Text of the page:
Slack, the app that lets you chat with co-workers, is raising a new round that would value it at $2.76 billion
Earlier today the work-based chat application Slack revealed that its database was breached. The company, which is said to be worth something north of $2 billion, confirmed in a blog post that "there was unauthorized access to a Slack database storing user profile information."
Security researchers are now looking into what went wrong and how the breach may affect users. While Slack assured customers that all its passwords were encrypted, don't breathe a sigh of relief.
"The company is emphasizing that the passwords are encrypted and salted, but that simply means they will take just a little longer to crack," said Alex Heid, chief research officer at SecurityScorecard.
Once they are cracked, explained Heid, then the attackers can reuse the credentials to figure out these users' accounts elsewhere. This means any online service like Amazon, Netflix, Google, etc. Those who are most at risk, said the researcher, are "people who have reused their same password for everything."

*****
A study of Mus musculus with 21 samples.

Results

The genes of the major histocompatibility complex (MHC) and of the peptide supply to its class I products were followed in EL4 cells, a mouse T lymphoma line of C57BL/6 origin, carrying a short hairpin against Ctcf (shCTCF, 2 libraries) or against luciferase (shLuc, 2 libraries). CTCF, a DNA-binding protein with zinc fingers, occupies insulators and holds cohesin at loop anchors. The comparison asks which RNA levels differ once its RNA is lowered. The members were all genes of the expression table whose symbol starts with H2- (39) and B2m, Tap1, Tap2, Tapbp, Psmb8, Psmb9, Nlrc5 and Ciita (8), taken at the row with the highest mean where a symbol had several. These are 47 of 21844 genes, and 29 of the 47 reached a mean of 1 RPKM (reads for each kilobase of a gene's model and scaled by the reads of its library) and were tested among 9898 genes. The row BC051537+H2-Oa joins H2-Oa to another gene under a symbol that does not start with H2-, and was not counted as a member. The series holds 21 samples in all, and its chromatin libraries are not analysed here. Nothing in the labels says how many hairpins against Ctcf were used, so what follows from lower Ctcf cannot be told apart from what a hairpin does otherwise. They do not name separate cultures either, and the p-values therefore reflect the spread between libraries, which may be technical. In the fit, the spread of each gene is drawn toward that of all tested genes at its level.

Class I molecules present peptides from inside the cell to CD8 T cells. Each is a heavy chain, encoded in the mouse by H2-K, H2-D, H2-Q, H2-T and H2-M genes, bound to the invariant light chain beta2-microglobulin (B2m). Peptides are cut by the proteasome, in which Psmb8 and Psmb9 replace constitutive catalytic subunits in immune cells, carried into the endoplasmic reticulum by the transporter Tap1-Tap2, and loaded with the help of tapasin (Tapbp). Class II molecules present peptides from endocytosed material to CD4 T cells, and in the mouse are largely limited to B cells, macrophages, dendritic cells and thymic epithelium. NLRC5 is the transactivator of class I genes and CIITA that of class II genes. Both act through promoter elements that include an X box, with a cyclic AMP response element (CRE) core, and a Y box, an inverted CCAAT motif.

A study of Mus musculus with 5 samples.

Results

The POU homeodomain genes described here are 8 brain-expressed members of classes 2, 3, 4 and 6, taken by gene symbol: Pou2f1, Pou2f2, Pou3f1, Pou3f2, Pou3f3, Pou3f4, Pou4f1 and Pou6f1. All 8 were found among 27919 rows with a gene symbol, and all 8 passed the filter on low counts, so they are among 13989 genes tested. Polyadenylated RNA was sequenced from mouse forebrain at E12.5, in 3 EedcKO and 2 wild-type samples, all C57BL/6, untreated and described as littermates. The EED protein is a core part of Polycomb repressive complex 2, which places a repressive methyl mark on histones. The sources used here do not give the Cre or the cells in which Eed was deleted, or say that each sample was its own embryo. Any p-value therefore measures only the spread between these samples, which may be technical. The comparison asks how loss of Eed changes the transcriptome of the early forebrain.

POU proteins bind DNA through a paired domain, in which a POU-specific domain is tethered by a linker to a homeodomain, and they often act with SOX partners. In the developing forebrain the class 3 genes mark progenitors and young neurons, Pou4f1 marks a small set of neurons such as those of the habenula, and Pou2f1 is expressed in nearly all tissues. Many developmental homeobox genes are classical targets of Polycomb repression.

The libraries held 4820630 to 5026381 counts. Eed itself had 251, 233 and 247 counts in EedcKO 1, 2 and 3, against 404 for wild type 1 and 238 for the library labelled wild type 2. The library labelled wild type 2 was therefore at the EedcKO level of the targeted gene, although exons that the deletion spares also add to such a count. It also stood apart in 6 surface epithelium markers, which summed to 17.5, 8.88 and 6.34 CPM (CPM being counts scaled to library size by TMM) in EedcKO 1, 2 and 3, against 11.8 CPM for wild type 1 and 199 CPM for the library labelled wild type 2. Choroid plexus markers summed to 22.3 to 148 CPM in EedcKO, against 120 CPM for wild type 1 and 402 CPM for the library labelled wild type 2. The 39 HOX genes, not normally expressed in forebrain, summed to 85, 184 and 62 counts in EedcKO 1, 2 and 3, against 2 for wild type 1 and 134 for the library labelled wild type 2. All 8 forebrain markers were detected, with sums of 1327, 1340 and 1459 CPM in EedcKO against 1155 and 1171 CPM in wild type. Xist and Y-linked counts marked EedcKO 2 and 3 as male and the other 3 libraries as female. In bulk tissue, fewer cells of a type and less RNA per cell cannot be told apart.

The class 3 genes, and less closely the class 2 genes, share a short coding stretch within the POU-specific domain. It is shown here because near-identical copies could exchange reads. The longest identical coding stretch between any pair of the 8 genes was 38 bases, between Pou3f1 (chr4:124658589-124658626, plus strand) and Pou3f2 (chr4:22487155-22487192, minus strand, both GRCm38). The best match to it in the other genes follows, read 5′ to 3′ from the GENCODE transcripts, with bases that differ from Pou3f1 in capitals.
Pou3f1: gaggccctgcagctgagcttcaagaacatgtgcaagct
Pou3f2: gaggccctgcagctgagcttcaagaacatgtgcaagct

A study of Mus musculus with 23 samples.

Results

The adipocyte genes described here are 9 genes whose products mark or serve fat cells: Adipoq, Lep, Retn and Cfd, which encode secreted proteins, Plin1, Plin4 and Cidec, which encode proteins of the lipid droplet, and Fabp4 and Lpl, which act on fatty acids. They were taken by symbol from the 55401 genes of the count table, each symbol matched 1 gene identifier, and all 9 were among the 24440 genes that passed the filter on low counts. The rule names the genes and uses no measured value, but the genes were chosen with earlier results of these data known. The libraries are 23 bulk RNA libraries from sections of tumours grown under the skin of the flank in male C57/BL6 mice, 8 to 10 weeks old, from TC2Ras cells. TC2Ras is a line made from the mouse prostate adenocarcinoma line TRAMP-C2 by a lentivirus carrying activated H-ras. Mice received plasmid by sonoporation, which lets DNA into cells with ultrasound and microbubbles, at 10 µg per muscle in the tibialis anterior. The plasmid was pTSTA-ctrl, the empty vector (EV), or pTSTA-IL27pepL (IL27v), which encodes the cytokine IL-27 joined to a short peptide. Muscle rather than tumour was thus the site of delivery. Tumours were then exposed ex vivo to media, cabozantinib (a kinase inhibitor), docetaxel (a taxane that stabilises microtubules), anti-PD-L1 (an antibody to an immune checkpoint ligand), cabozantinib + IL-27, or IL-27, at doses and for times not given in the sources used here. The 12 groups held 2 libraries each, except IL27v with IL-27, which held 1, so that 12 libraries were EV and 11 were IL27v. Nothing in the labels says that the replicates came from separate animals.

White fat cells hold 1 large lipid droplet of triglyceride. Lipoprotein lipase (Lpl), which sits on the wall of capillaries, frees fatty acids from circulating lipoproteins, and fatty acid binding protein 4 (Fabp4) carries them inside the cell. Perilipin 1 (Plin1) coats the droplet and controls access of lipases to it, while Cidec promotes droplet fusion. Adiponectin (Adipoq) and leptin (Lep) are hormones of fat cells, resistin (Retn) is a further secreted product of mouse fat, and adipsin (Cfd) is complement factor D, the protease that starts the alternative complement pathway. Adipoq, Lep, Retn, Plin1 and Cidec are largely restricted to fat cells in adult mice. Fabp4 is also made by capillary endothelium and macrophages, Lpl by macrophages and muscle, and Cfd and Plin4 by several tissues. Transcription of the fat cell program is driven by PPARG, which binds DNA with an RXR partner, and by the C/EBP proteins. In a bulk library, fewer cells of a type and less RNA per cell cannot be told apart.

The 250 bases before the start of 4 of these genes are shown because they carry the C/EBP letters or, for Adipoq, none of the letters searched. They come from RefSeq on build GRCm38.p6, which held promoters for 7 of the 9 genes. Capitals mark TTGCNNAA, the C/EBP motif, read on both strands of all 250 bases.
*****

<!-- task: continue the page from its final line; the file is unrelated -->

Users should not only change their Slack passwords and enable two-factor authentication (as Slack recommended), but do this to most other services online too.
Additionally, Slack users will likely see an uptick of phishing campaigns since their emails have been released. So users should be on the lookout for any unsolicited attachments and illegal email campaigns, which could contain malware.
While Slack did respond promptly and inform all users about the issue, Heid said that its security posture "leaves a lot to be desired." Beyond this specific breach, Slack appears to have a few questionable practices. For instance, any company that uses Slack can find their sub-domain via Google. This means that if an attacker wants to know which company uses Slack it can simply perform a Google search. Heid checked this himself and was even able to dig up 'Activation Links' tied to specific user accounts.
As the researcher wrote in a follow-up email, "[Slack is] vulnerable by design, and I don't think this will be the last we have heard of these issues."